Hot On The Trails: Plainfield’s White Lick Creek Trail

At the center of Hendricks County’s versatile, interconnected greenway system, White Lick Creek Trail can accommodate runners seeking variety in length and routes. A number of parks and landmarks provide pleasant resting places, and joggers might be tempted to slow their pace in order to absorb the small-town attractions—and carb-rich treats—along the way.
White Lick Creek Trail


Length: 3.5 miles / Surface: paved / Location: Plainfield / Connects to: Vandalia Trail, Clark’s Creek Trail, Hummel Park Loops, Sugar Grove Trail, Recreation Center Loop Trail / Total trail system length: 15.5 miles

The trail is accessible by ample free parking areas, so put some thought into choosing where to station your wheels. The Friendship Gardens at South Center Street and Stafford Road, for example, are a great picnic spot.

From June 6 to August 9, a Summer Fun Run race series hosts free, noncompetitive jaunts at a different Hendricks County park every Wednesday from 6 to 7 p.m. Runners can time themselves on designated 1-mile or 5-kilometer courses. Two dates correspond with White Lick Creek Trail landmarks: Hummel Park (June 28) and the Al & Jan Barker Sports Complex (July 5). Complete eight of the 10 runs and receive a commemorative T-shirt.

Beware overzealous squirrels darting across the path in heavily wooded Hummel Park: Runners have reported being followed and even getting nipped on the ankle(!).

You’ll find some of the system’s most shaded portions just west of the recreation center on the Vandalia Trail, or just south of there on a curvy section of the White Lick Creek Trail protected by canopy. The leg of the trail that parallels Center Street, on the other hand, offers minimal coverage, so load up on SPF and wear a hat.

An $11 day pass gives you access to the Richard A. Carlucci Recreation and Aquatic Center’s lap pool, as well as its weight-lifting equipment, indoor basketball courts, and 0.1-mile indoor track. The facility also offers Zumba, yoga, and martial-arts classes. A separate admission fee gets you into Splash Island outdoor water park and its lazy river and six-lane lap pool.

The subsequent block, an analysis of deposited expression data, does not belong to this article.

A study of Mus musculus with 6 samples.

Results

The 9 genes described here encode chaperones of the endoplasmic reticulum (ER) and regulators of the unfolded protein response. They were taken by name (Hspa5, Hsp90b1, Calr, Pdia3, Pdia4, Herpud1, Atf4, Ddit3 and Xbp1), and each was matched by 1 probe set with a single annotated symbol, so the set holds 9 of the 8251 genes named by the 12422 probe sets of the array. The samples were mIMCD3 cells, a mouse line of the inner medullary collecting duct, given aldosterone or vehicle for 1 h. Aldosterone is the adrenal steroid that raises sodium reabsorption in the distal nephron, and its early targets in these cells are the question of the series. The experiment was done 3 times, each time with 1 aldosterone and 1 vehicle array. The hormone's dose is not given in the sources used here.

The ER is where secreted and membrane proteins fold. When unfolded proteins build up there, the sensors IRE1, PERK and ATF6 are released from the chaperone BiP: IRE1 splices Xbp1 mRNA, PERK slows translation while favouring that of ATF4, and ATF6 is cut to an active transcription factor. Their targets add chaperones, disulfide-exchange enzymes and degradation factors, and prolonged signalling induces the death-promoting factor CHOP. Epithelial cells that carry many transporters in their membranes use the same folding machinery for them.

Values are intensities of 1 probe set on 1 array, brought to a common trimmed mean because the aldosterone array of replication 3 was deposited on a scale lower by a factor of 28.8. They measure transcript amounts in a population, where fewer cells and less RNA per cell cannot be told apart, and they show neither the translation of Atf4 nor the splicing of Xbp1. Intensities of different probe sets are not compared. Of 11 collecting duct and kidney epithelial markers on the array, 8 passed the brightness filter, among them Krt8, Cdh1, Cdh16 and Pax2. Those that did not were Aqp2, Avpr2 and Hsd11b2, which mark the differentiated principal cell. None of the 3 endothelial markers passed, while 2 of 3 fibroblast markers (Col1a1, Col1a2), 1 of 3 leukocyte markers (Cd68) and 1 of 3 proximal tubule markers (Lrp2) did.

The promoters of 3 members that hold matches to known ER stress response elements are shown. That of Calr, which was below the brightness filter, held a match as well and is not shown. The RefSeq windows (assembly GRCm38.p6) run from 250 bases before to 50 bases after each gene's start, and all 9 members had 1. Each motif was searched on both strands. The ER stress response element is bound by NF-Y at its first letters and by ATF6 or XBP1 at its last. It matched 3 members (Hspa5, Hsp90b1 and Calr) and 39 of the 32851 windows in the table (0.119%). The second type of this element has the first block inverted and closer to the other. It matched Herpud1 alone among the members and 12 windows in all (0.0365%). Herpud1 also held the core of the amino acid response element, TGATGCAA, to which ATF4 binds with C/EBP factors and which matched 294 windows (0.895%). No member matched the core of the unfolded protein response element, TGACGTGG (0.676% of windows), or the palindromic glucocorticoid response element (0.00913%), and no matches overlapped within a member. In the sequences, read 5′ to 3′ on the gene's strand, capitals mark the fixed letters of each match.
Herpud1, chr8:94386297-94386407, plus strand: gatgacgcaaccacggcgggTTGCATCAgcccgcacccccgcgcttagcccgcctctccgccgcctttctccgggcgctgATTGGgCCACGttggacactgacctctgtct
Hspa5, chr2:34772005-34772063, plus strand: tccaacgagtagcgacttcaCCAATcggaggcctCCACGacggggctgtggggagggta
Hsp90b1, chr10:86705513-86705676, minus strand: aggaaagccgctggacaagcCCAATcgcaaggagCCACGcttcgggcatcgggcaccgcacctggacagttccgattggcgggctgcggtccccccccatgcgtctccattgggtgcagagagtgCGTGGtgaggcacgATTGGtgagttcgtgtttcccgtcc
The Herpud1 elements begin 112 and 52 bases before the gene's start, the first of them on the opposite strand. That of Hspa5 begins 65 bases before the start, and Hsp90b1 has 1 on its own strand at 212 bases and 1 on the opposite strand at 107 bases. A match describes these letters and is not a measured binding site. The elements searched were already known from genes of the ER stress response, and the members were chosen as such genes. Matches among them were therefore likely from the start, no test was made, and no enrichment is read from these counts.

All Plainfield trails are canine-friendly, and there is a registration-required Bark Park at Swinford Park. On September 9 and 10, Splash Island throws a Puppy Pool Party ($10), allowing dogs to swim restraint-free. You can check the website for designated times based on your pet’s weight, and make sure their meds are up to date.

The Plainfield–Guilford Township public library has placed several Little Free Library boxes around the town’s trail system. Users can donate unwanted books or pick up a title to peruse while resting trail-weary feet.

In Plainfield’s idyllic town center, historic Oasis Diner retained its old-school aesthetic after a 4-mile move from the east side of town in 2010. Trail users can pop over to the postcard-perfect greasy spoon for “Kansas City–Loaded” biscuits and gravy, or handcrafted soda.

Runners looking forward to a post-workout reward tuck a few dollars in their waistbands for a stop at cash-only Al’s Donuts near the trailhead. And they know to get there early—way early: It’s open from 2:30 to 9 a.m., and usually runs out of product well before closing time.

Of course, runners looking for a more grown-up reward might instead hit Brew Link Brewing for a pint in the sunny tasting room.

Mini-Marathoner Vince Rightley, 51, lives in Brownsburg but drives to Plainfield for distance runs. “When you’re doing a longer run, it gets boring running the same loop over and over,” says Rightley, who uses the trail a few times a week. “There is no traffic. You can get away from everything except the trees. I can get 10 miles in without worrying about cars.”

This article is part of “Hot on the Trails,” IM’s road-free guide to exploring Central Indiana.